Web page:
This blog is a long and perhaps never-ending meditation on a single question:

How do I live?

The question may seem like a strange thing to ask. Ancient Greek philosophers spent a lifetime studying philosophy in search for a way to live a virtuous life; where I live, one of the wealthiest and most educated nations in an era that is arguably the most peaceful time in the entirety of human history, however, there seems to be a simple and yet definite answer to the question: by maximizing our happiness in life. For some, it means relentless pursuit of material pleasure such as wealth and fame while others dedicate their life seeking internal fulfillment such as relationship and tranquility.

The answer, perhaps rather unsurprisingly, is not as simple as we would like it to be. More likely than not the chances are: Even the person who values spirituality more than anything else in life wouldn’t mind to see an additional $100K show up in his bank account one morning. As hilarious as the example might be, let’s think about it for a minute. Why would one who seeks internal fulfillment in life experience an increase of happiness, even just for a brief moment, when receiving some sort of material rewards? Exactly how does one know when his happiness has been truly maximized? Or rather, are we all foxes who believe that grapes are sour only because we can’t grab them?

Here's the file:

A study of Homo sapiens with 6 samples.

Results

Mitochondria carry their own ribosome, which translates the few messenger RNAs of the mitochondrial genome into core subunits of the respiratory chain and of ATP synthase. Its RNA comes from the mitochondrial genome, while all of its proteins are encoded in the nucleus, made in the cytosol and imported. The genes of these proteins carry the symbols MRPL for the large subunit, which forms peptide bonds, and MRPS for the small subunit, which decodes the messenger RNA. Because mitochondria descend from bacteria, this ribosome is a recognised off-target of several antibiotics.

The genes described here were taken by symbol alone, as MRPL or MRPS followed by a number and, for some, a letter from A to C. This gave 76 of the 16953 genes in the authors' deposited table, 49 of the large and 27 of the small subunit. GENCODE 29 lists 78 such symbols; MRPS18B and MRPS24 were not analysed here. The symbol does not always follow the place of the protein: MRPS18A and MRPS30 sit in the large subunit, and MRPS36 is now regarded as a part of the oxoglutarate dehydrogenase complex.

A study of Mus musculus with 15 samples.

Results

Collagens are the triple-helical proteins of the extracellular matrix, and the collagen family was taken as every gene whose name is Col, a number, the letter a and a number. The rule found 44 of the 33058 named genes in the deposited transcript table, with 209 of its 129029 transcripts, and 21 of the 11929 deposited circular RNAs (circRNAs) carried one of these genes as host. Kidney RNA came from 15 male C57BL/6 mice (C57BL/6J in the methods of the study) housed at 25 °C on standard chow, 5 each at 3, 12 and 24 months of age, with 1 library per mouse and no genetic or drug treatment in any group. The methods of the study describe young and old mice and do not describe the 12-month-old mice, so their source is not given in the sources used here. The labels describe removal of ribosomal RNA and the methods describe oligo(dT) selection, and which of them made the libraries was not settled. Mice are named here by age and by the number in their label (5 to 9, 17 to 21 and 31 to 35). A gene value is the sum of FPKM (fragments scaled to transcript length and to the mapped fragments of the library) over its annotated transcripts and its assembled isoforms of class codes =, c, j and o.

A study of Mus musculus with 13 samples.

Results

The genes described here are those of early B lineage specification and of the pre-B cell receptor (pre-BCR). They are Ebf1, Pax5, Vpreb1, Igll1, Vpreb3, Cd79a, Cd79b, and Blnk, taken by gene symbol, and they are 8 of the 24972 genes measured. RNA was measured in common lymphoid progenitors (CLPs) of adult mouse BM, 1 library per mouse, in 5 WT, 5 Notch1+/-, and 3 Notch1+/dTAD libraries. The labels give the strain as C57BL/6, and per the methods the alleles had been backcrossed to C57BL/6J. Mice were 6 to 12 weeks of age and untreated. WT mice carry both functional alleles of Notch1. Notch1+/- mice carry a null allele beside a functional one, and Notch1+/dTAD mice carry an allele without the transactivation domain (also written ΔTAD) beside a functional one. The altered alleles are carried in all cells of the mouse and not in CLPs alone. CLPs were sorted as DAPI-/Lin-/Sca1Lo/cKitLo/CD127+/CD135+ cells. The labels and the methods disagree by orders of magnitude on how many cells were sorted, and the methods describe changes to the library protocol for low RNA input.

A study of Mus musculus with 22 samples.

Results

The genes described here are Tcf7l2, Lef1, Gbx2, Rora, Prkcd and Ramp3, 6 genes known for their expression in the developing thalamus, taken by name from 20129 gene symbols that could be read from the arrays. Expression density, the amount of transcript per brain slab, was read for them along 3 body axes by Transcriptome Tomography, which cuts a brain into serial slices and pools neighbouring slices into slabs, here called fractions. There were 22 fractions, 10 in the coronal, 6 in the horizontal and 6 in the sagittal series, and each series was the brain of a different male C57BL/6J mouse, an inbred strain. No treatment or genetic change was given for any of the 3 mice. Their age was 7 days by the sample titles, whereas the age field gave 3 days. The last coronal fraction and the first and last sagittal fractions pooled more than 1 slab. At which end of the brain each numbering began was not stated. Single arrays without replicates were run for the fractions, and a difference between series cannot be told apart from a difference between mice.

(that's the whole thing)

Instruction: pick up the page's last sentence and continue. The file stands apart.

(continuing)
I do not have an answer, at least not yet and not concise enough. Pieces of thoughts here and there have come and gone through readings and various life journeys, but the puzzle is never fully solved. In other words, I do not have a clear philosophy for life, of which the danger is best illustrated by the great Roman Stoic philosopher Seneca with an analogy of sailing†:

Someone who sets sail in a ship and is carried this way and that by stormy winds hasn’t been on a voyage. . . . Being out of control, drifting through events without finding time for the experiences that are most valuable and meaningful, is very different from truly living.

Realizing the risk of not having a life philosophy of my own is when I had the idea to start writing. I do not want to be afraid of reflecting on my own memories when I grow old for I have wasted the precious time I have been fortunate enough to receive in this world.

As amateur of a writer I might be — language has never been my forte, let alone English being my second language — I do enjoy being creative, may it be writing, drawing, designing, coding, or my favorite, daydreaming. I don’t intend to write for anyone but myself (and my cute little baby Clara), so unlike elsewhere, all there is in this blog are some random and rather unpolished essays or thought fragments that I hope one day will come together and help me solve the puzzle: How do I live?


† Warburton, Nigel. (2012). A Little History of Philosopy. Yale University Press; Reprint edition (October 30, 2012).